Most films are reviewed shortly after they’re seen. I watched The Lunchbox a week ago. Four mind-numbing exams later, I still feel compelled to write about it.
A woman inventively cooks her husband’s lunch. In a serendipitous error, Mumbai’s dabbawallahs deliver it to the wrong person. He polishes it off. She catches on, and encloses a note in the next day’s dabba. He writes back. She writes back. And so on.
Why do two strangers confide in each other? What is the nature of their relationship? Do they ever meet?
I failed to recognise Irrfan Khan in his first scene. The camera slides past a row of desks and helpfully stops at one. I knew he would appear then. But so credibly (and incredibly) does he inhabit his character that you feel you’re watching just another government employee at work, who for some reason has been captured on tape.
In Honeymoon Travels Pvt. Ltd., Boman Irani was spot-on as the affably eccentric Christian widower. In The Lunchbox, Irrfan Khan portrays the diametrically opposite Saajan Fernandes – a widower and a Christian, but grouchy, gloomy and taciturn. With Maqbool, The Namesake, Paan Singh Tomar and this film, he has earned his seat in the pantheon of acting gods.
Nimrat Kaur smoulders in her performance as neglected housewife Ila, who wants to believe that there is more to life than her humdrum existence. The angst in her face as she struggles to revive her middle-class marriage is heart-wrenching. I could scarcely believe that this is the same woman who sits in her car and licks chocolate in the Silk ad.
And who knew Nawazuddin Siddiqui can make you laugh? Cast against type as a chatty and ingratiating novice, his Shaikh is the perfect foil to the shortly-retiring Fernandes. He is the graph against which you plot the latter’s metamorphosis. He’s scintillating.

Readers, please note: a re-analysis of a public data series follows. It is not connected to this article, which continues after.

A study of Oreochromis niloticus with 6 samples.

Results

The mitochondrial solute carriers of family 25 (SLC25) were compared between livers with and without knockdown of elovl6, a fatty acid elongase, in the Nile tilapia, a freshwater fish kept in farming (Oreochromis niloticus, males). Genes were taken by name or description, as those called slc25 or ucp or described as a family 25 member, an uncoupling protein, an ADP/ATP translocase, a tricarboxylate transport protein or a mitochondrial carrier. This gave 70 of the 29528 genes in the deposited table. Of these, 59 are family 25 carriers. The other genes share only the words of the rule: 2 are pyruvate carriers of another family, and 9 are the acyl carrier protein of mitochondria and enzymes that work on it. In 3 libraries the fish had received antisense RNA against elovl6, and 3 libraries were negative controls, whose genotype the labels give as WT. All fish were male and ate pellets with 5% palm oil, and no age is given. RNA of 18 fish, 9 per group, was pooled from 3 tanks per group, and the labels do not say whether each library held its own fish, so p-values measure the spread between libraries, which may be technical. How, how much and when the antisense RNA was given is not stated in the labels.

The average viewer’s twin desires to relate to a character as well as forget his own life for a while, are usually contradictory. Addressing the themes of urban loneliness and the delightful anonymity of correspondence, this movie fulfils both. Scenes such as Ila’s loud conversations with the unseen Aunty living upstairs and Shaikh chopping vegetables on office files in the train are unforgettable.
Rare is the film that straddles independent and commercial cinema. With producers as disparate as Anurag Kashyap and Karan Johar, it is evident that The Lunchbox started as a small film that went on to tug both heartstrings and purse-strings, getting it the wider release it deserves. Not since Aamir Khan made Dhobi Ghat have I felt grateful to a producer, of all people.
I urge you to watch The Lunchbox. In a theatre, or whenever it’s released on DVD. I have no moral authority to reproach anyone for streaming movies online, but you must realise that this film must make money. Then, and only then, will more such films be made. And maybe someday, art will be accepted as entertainment, and the art will come back into entertainment.